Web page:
Thousands of refugee children are being abused, exploited and arbitrarily detained in Libya, UNICEF reports.
Refugee children and women are routinely suffering sexual violence, exploitation, abuse and detention along the Central Mediterranean migration route, UNICEF warned in a new report.
In the report, titled “A Deadly Journey for Children”, which was released on Tuesday, the UN children’s agency said a total of 25,846 children – most of them unaccompanied – crossed from North Africa to Italy using the Mediterranean route in 2016.
For the report, UNICEF researchers interviewed a total of 122 refugees – 82 women and 40 children – who tried to complete the perilous journey.
Three quarters of the refugee children interviewed said they had experienced violence, harassment or aggression at the hands of adults at some point over the course of their journey.
Approximately one third indicated they had been abused in Libya. A large majority of these children did not answer when asked who had abused them. A few children said they had been abused by people who appeared to be in uniform or associated with military and other armed forces, and several others said that strangers had victimised them.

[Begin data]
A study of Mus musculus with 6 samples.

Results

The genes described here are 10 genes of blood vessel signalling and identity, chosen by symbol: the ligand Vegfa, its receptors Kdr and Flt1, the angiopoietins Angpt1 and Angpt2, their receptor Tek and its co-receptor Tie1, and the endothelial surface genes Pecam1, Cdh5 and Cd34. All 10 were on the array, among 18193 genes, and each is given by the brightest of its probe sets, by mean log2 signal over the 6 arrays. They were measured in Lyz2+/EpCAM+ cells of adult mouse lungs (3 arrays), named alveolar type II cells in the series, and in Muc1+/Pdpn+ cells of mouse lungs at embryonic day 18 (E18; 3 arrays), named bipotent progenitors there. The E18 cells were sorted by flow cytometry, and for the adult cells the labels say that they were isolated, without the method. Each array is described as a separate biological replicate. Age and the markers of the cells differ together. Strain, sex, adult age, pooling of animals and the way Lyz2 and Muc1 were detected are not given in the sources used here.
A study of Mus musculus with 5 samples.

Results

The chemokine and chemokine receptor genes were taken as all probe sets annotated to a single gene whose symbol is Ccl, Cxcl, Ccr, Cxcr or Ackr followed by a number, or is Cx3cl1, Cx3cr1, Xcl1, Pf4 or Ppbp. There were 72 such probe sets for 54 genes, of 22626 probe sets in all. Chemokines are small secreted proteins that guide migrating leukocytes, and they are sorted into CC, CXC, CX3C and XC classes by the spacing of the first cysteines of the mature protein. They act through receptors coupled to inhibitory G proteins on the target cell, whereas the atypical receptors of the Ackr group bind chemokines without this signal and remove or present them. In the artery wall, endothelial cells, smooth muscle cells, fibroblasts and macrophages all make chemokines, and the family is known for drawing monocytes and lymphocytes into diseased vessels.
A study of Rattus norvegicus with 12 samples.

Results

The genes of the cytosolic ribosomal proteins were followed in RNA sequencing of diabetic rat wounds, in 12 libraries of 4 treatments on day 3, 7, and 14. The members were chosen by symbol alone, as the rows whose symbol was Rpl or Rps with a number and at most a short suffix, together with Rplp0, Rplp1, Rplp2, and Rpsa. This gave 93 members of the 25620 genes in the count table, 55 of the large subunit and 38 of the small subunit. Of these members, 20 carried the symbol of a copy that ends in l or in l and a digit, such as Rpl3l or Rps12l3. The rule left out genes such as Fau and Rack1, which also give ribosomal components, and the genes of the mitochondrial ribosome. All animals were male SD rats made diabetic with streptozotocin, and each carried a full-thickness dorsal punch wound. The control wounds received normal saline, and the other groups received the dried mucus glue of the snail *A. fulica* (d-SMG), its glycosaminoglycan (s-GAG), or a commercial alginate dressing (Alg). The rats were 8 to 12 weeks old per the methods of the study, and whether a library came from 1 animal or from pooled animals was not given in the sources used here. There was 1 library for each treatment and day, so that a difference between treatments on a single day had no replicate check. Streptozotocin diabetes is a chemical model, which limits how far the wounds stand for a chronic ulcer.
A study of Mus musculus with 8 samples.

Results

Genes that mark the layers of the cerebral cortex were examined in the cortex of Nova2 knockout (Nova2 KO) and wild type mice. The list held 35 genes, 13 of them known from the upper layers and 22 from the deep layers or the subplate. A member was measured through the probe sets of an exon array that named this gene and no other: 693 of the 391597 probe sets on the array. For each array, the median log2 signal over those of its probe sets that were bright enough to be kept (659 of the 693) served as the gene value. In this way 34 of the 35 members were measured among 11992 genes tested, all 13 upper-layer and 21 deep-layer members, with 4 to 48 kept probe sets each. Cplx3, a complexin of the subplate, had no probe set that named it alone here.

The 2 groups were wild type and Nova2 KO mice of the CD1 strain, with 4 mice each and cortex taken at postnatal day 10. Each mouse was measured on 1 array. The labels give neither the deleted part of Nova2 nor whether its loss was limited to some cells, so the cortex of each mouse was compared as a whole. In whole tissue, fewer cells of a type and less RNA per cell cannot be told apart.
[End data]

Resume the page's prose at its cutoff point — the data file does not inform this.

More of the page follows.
Also, nearly half of the 122 women and children interviewed reported sexual abuse during migration – often multiple times and in multiple locations.
Women and children were often arrested at the Libyan border where they experienced abuse, extortion and gender-based violence. Sexual violence was widespread and systemic at crossings and checkpoints.
Men were often threatened or killed if they intervened to prevent sexual violence, and women were often expected to provide sexual services or cash in exchange for crossing the Libyan border.
UNICEF also identified an estimated 34 migrant detention centres in Libya during their research.
The Libyan Government Department for Combating Illegal Migration runs 24 detention centres which currently hold between 4,000 and 7,000 detainees. Armed groups also hold migrants in an unknown number of unofficial detention centres.
|“The route is mostly controlled by smugglers, traffickers and other people seeking to prey upon desperate children and women who are simply seeking refuge or a better life.”